The results of recent fall test netting on Leech Lake conducted by the Minnesota Department of Natural Resources (DNR) show the walleye population remains strong and anglers who visit Leech Lake should continue to expect quality fishing.
Lake-wide, walleye counts in DNR test nets averaged 8.9 walleye per net lift, which was similar to results from the past 5 years and was above the long-term average of 7.7 walleye per net lift.
“September gill nets showed above-average numbers of all sizes of walleye,” said Doug Schultz, DNR area fisheries supervisor in Walker. “Fishing reports have been excellent all season, and this survey confirms that good walleye fishing is expected to continue through the winter and into next year.”
Schultz added that the strong 2010 year class reached harvestable sizes this summer, which “had a lot to do with angling success.” Additionally, 36 percent of walleye sampled were within the current slot limit and have provided anglers the opportunity to catch larger fish.
The DNR is considering relaxing the current 18- to 26-inch protected slot limit on Leech Lake to a 20- to 26-inch protected slot limit. If the proposal is carried forward, the relaxed slot limit would be effective for the 2014 fishing opener.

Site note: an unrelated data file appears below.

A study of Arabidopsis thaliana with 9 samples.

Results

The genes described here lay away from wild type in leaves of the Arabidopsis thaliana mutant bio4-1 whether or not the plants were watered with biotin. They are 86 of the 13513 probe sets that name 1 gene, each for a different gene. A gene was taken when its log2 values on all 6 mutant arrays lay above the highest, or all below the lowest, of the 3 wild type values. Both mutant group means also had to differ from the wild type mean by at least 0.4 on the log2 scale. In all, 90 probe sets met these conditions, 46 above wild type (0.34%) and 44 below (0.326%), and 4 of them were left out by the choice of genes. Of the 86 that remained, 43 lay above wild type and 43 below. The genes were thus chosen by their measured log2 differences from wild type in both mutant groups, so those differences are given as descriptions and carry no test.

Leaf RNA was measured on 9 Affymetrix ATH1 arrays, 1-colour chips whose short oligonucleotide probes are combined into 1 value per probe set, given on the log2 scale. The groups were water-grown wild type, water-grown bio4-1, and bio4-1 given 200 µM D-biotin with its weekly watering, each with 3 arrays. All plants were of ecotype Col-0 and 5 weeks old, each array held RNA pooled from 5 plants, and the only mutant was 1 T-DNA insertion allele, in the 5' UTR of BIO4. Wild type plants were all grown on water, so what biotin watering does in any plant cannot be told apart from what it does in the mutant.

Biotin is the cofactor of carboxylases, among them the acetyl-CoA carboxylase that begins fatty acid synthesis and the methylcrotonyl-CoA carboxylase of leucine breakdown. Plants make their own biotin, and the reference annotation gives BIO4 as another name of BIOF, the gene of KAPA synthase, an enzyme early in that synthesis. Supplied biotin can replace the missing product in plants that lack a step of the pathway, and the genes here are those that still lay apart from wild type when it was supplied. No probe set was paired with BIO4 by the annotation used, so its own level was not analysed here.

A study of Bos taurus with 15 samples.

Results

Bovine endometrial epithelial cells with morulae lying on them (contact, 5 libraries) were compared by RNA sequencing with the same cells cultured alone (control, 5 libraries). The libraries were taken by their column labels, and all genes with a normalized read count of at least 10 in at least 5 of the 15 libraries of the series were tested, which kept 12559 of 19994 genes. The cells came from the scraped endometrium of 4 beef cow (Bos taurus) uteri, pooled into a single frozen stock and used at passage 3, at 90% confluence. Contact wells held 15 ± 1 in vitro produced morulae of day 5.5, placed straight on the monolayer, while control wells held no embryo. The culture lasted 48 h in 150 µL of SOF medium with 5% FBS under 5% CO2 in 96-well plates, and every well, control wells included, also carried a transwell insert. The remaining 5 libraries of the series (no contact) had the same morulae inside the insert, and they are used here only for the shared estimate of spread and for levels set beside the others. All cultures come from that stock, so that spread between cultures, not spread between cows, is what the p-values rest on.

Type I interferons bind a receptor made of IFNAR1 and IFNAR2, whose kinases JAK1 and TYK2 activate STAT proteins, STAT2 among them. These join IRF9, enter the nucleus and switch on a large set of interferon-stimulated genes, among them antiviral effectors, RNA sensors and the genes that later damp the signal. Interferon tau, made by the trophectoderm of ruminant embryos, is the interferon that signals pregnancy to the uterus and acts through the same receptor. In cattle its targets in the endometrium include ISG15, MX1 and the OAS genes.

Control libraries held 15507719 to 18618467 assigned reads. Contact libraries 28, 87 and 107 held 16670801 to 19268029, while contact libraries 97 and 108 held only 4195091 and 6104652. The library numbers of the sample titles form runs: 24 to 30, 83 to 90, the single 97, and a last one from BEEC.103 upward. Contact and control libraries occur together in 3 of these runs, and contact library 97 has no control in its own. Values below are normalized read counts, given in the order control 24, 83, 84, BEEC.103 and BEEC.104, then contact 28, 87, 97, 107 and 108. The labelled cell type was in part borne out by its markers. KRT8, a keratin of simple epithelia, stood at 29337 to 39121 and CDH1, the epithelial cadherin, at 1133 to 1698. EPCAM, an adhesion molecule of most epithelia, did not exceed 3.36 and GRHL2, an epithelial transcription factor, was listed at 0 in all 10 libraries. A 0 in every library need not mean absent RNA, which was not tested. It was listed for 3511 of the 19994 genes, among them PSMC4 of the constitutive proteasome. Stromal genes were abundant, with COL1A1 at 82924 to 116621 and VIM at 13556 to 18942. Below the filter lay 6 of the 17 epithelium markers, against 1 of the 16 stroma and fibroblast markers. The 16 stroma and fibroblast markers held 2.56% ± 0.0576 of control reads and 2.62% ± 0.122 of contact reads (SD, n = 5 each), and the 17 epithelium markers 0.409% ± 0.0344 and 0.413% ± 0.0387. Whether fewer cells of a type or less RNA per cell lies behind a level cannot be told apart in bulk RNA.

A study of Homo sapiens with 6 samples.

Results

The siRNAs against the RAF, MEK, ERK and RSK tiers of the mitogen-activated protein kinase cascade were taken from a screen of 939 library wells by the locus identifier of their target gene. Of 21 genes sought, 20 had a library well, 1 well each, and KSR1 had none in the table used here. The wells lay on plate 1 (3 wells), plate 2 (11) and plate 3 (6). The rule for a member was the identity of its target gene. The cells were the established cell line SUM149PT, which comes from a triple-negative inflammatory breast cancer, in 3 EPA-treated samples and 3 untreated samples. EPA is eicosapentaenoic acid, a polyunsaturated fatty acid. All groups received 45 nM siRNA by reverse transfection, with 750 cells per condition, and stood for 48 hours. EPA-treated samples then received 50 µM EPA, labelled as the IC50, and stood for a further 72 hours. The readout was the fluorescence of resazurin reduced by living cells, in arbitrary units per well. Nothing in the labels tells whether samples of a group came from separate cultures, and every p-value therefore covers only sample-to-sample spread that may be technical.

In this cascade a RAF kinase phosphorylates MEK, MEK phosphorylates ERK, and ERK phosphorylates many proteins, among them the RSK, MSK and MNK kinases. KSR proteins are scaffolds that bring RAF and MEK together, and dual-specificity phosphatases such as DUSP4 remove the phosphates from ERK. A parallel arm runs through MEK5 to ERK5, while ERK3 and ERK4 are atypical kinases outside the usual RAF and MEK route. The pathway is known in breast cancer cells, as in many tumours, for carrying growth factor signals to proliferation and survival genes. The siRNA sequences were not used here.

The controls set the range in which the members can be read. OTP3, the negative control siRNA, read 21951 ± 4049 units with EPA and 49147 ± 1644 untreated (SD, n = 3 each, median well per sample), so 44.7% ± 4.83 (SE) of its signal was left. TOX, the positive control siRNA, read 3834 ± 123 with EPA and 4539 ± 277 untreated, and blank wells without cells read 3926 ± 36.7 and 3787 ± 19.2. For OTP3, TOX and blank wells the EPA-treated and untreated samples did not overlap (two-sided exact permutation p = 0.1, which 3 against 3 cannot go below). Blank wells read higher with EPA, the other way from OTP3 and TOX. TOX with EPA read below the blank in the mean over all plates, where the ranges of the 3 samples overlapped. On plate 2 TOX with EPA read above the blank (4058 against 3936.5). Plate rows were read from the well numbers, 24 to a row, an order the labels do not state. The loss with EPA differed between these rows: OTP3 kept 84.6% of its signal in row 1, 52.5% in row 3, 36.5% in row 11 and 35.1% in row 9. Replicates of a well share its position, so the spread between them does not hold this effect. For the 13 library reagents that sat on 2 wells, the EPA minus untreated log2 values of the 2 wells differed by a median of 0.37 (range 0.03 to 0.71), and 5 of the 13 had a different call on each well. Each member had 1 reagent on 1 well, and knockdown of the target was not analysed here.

“The proposed change in the slot limit would allow anglers the opportunity to add 18 and 19-inch walleye to their bag,” said Schultz. “These fish comprise about one-third of walleye currently protected with the existing 18- to 26-inch slot limit.”
Schultz noted this regulation review and potential relaxation of the slot limit was programmed into the current management plan. The management plan detailed that if walleye population objectives were met or exceeded and all metrics indicated the walleye population could sustain increased harvest opportunity, the DNR would consider relaxing the slot limit. Results of this year’s survey indicate the timing of this review is appropriate.
Other game fish species targeted with test nets include yellow perch and northern pike. Yellow perch abundance declined for the sixth consecutive year, while northern pike abundance continues to remain stable. The primary species of nongame fish assessed with the test nets is cisco. Fall test netting indicated cisco continue to be present at moderate levels of abundance.